Sun. Jun 23rd, 2024

PRETORIA, South Africa, February 19, 2018/ — The tabling of the annual national budget speech has proven to be one of the most anticipated events in South Africa. Along with the positive changes that are currently taking place in the political landscape, the February 2018 budget speech is set to attract not only the attention of business and individuals inside the borders of South Africa, but also those outside the country.

Rating agencies will be watching the event like hawks. According to Dan Kriek, President of Agri SA, South Africa faces the risk of further credit downgrades if the budget speech is not palatable to the ratings agencies. Accordingly, the budget will have to reassure ratings agencies that South Africa is committed to maintaining the credibility of the fiscal framework and the expenditure ceiling.

According to the medium term budget policy statement delivered in October last year, South Africa will have tax revenue shortfalls of around R50.8 billion for 2017 and R69.3 billion for 2018. By 2020/21, approximately 15% of the government’s revenue will go towards paying off debt. The country’s deficit is projected to be 61% of the gross domestic product (GDP) by 2022.

The funding of free tertiary education [2] and struggling state-owned enterprises (SOEs) are key considerations for the upcoming budget. South African Airways (SAA) and Eskom are examples of SOEs that place a significant burden on the fiscus. It is estimated that SAA will need funding of approximately R8 billion by March 2018 and Eskom around R20 billion by May/June 2018.

The budget will have to give a clear indication of the specific steps and strategies that will be used to ensure that the growing budget deficit is reined in. Subdued economic growth, limits the potential for significant tax increases without further curtailing economic growth. The World Bank projects that South African GDP growth will reach 1.1 percent in 2018 and 1.7 in 2019/20.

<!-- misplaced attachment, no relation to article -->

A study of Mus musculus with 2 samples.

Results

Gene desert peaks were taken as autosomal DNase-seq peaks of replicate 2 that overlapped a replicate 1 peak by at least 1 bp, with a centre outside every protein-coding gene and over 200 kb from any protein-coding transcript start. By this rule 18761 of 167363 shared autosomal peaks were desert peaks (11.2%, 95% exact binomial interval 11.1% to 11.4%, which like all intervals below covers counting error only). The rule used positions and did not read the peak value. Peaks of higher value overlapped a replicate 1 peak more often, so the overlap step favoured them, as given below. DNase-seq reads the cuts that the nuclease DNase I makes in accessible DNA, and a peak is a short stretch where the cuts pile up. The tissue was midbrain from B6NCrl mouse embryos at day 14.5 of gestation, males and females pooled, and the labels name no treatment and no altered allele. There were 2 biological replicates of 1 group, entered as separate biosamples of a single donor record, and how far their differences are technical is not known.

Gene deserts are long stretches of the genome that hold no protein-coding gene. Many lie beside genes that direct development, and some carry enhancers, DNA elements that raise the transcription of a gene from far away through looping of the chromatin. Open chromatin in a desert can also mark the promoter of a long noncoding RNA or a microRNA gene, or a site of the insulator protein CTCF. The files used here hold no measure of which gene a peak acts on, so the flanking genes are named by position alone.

However, taxes are expected to rise by at least R30 billion. Agri SA hopes that expenditure cuts, particularly of wasteful expenditures, and efficiency measures will form a significant component of the specific steps and strategies to be outlined in the budget speech. Any tax increases should consider the existing burden on an already constrained tax base.

Whilst improving access to tertiary education is a noteworthy goal, improving the effectiveness of existing spending on education, for example, to improve the quality of primary and secondary education should also be considered. Steps to improve the effectiveness and efficiency of SOEs is crucial. Wasteful expenditure should be eliminated and excessive compensation to the senior management of struggling SOEs must be re-evaluated.

Unfortunately, agriculture received relatively little attention in the medium term budget policy statement (MTBPS) of October last year. Agriculture was the best performer across the first three quarters of 2017 and was the largest contributor to our 2% GDP growth in the third quarter. The MTBPS made no mention of agriculture’s contribution to economic growth nor the plight of farmers affected by ongoing droughts. Worryingly, the contingency reserve was pared down to a meagre R16 billion over the next three years. It was unclear how this will have an impact on emergency assistance for crises such as the persistent drought.

The drought situation in the Eastern, Northern, and particularly in the Western Cape remains the major risk to food production, its effect on the economy is begging to show itself and something needs to be done urgently.

Agri SA hopes that agriculture will receive greater attention in the 2018 budget. Agri SA recommends that the budget make adequate resources available to ease the impact of the drought on farmers and to provide the necessary infrastructure to help boost agriculture’s competitiveness, and subsequently improve food production and job opportunities in the sector.

[2] For students from households with a combined annual income of R350 000.